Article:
This Week in Health: Red wine may stave off cancer – Metro US

This Week in Health: Red wine may stave off cancer

Red Wine

Red wine may stave off cancer

Location of study:U.S.

Results:More research is touting the benefits of red wine. Researchers from the University of Colorado Cancer Center now say that a specific compound present in the skin of the grape (called resveratrol) actually targets and destroys cancer-causing cells that have DNA damage. “It’s killing off the cells that have that damage,” says investigator Robert Sclafani, PhD. “The idea is that those cells that have the most DNA damage will be killed by the compound, and those are the cells that are most likely to give rise to cancerous lesions.”

Significance:Before you reach for a beer or mixed drink, keep in mind that the findings were limited only to red wine – and in moderate amounts. (Even white wine is exempt.) Even so, excessive drinking can lead to a backup of carcinogens in the body. Sclafani says the best advice is to eat foods that naturally have a high amount of resveratrol, like raisins and peanuts. “The bottom line is we think that certain foods that contain resveratrol are going to be beneficial to you because in the long run, it’s going to prevent cancer,” he says.

New breast cancer vaccine does well in trial

Location of study:U.S.

Study subjects: 26 women with metastatic breast cancer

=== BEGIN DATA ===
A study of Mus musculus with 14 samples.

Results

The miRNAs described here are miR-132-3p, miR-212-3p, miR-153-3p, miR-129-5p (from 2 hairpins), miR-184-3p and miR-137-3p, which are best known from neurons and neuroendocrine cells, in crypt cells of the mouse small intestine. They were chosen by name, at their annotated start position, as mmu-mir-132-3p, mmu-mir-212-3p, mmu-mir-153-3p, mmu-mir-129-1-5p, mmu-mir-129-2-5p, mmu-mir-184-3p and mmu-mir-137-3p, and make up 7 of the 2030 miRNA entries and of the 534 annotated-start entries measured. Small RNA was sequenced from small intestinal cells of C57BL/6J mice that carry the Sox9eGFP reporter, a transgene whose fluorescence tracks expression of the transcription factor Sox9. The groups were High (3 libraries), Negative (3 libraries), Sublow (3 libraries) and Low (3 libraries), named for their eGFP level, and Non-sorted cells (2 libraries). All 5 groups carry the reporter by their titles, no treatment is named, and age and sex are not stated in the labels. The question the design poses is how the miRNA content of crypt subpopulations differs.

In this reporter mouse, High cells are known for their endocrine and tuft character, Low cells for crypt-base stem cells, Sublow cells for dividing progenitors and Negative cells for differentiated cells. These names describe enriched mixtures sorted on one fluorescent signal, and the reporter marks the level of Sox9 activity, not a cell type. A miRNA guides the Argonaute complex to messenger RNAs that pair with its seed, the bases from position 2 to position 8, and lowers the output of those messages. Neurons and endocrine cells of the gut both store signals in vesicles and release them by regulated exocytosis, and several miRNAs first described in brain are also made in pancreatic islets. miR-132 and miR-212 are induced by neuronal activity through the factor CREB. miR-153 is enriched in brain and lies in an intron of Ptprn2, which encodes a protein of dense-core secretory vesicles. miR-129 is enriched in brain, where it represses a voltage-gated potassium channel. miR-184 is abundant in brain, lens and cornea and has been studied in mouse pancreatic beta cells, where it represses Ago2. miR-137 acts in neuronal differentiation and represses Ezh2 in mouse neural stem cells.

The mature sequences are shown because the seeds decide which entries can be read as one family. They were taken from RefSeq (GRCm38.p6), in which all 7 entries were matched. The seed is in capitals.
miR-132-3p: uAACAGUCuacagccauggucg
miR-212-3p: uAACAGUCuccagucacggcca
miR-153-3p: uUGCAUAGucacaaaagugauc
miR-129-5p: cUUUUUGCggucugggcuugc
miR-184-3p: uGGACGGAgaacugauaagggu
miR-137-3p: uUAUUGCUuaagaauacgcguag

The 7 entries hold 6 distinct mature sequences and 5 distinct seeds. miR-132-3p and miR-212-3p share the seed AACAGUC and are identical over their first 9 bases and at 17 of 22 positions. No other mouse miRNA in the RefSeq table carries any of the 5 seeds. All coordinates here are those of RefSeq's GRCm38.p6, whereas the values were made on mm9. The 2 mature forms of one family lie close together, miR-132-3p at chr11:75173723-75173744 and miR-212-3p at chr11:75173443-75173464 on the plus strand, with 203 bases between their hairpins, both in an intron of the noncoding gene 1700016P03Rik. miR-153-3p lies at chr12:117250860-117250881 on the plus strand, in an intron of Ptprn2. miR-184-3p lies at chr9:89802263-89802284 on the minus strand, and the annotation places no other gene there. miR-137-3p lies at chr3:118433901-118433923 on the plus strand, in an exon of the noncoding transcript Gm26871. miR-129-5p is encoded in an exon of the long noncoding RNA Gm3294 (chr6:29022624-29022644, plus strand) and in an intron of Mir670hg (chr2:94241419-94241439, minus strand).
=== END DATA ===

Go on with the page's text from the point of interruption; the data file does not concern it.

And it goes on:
Results:A new breast cancer vaccine is leaving researchers feeling encouraged. In a recent study, half of the 14 participants who received the vaccine experienced no progression of their cancer one year following vaccination. When compared to a control group of 12 patients who did not receive the vaccine, those who did showed prolonged progression-free survival.

Significance: This isn’t the first breast cancer vaccine, but it is different in that it targets a protein called mammaglobin-A – which is dramatically over expressed in most breast cancers. “This trial kind of confirmed that mammaglobin-A is a very attractive candidate for a breast cancer vaccine,” says senior author and breast cancer surgeon Dr. William E. Gillanders. The next step is to test the vaccine in patients with early-stage breast cancer.

First-ever guidelines for circumcision are in the works


Results: The benefits of circumcision appear to outweigh the risks, according to new federal guidelines currently being drafted by U.S. health officials. The CDC says there is currently enough medical evidence to support the claim. According to the agency, the procedure is thought to reduce the chances of contracting HIV and other STDs from an infected female partner. Circumcision also decreases the likelihood of developing penile cancer.

Significance: The announcement represents the first federal guidelines on circumcision. According to the AP, national circumcision rates have been on the decline for over 30 years, despite the reported health benefits. One 2014 University of Montreal study even found that men who underwent the procedure after the age of 35 reduced their prostate cancer risk by 45 percent.